2015 Broke Some RE Records, Can This Year Top Them?
With a large number of properties for sale in the DC Metro area, Federal Capital Partners VP Erik Weinberg judges Washington and environs to be “a little bit bloated.” That can make for some bargain acquisitions. We're excited to learn more Jan. 27 at our DC Economic Forecast and Real Estate finance event.
“We like the DC market, mostly because of the fundamentals,” says Daniel Mee, executive director of Boston-based Tremont Realty Capital. It's safe, secure and home to the federal government, which is not likely to go broke (knock on wood).
Tremont has three DC deals in the pipeline, none of which Daniel was prepared to reveal. “We haven’t pulled the trigger yet on any of them,” he says. “It’s a difficult underwrite. You have to really make sure you understand the local economics and how they are affecting values.”
Daniel says the influx of capital—both domestically and from abroad—into markets like Washington has substantially upped pricing. You really have to pick your shots in these markets, he adds, making sure you’re not overpaying or overleveraging an asset. Because “if you get it wrong on the front end, it’s pretty hard to recover,” he says.
For example, in October 2015, FCP closed on an $84M deal to purchase One Dulles Tower, a 400k SF Class-A office building at 13200 Woodland Park Dr along the Dulles Toll Road in Herndon. Cushman & Wakefield is handling the leasing. The previous owner, Corporate Office Properties Trust, was unable to re-lease the building.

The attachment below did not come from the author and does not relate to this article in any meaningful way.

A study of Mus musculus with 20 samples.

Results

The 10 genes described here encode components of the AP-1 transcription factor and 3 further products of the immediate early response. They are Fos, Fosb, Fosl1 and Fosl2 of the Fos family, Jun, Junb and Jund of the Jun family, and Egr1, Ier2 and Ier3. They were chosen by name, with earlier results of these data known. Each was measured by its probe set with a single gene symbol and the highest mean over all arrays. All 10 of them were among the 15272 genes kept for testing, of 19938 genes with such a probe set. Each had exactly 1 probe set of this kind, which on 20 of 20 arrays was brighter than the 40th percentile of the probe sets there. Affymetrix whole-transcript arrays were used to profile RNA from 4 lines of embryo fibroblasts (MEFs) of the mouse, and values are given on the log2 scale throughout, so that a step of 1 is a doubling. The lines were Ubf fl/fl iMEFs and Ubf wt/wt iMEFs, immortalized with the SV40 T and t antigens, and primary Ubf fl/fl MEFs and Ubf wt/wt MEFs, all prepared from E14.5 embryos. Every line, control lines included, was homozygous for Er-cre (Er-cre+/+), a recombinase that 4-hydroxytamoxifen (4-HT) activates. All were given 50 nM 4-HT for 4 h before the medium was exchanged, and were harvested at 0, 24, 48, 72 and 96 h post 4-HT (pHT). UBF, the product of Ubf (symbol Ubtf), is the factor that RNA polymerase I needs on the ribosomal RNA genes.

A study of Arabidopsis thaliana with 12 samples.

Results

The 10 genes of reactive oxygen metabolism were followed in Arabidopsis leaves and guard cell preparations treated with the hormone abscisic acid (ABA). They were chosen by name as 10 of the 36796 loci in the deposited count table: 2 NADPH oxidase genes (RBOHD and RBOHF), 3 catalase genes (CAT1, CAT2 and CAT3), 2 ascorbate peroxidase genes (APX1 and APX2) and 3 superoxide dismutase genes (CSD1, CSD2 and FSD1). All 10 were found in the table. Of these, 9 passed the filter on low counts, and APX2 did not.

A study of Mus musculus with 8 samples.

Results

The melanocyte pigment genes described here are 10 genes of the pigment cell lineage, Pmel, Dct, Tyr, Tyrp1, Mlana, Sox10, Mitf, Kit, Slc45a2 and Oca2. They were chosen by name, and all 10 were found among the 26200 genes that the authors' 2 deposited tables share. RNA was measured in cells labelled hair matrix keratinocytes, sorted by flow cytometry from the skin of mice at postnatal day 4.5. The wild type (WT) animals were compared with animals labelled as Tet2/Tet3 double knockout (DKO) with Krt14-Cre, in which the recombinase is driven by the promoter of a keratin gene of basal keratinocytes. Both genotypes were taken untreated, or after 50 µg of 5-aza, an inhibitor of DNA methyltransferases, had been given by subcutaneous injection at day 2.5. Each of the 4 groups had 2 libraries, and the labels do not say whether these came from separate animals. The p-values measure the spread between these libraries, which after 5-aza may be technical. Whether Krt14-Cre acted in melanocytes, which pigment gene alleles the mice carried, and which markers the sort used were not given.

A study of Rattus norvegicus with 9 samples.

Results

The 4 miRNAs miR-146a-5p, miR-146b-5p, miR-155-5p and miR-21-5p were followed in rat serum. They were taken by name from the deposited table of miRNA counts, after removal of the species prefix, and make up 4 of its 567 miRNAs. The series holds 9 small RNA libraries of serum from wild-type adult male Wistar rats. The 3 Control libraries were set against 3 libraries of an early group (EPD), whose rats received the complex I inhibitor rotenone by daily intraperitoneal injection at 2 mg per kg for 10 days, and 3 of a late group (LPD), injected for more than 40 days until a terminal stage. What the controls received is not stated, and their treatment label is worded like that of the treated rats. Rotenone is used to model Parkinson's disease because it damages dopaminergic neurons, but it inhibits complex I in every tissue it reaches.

Beyond DC, FCP is active in the Raleigh-Durham area in North Carolina, where, Weinberg says, compared to DC, “the leasing demand and absorption has been much more robust relative to the size of the market.”
There’s a perception among buyers that prices are high so there’s a trend toward off-market activity. Sellers are interested in direct sales because they feel that can get a good price, explains Bob Bellinger, chief executive at ASB Real Estate Investments.
Another trend we’re seeing, especially in DC, is development of properties that are a mix of business, retail, residences and outdoor amenities. “That is encouraging investment in nontraditional urban areas,” Bob says. Bisnow’s story this week on Capital City’s plans for Buzzard Point is one such example.
David Kessler, national director for the CohnReznick Real Estate Group, says US gateway cities like DC continue to be the preferred target for overseas money. In 2015, 54% of foreign investment went to the US and surpassed peak levels from 2007.
“That’s driving up investment deals across all property types—including the current preference for urban core, 18- to 24-hour locations,” David says, such as those being developed in NoMa, Adams Morgan and the Capitol Riverfront.
None of this comes as a surprise to Anthony Balestrieri, director of MetLife Real Estate Investors. Every time there is turmoil in the world, US real estate becomes a safe haven for capital.
“As a gateway market, DC is among the major beneficiaries of overseas investment because we’re underpinned by capital,” with no big swings in currency valuations, he explains. See Daniel, Erik, Bob, David and Anthony next week at our Economic Forecast and Real Estate finance event.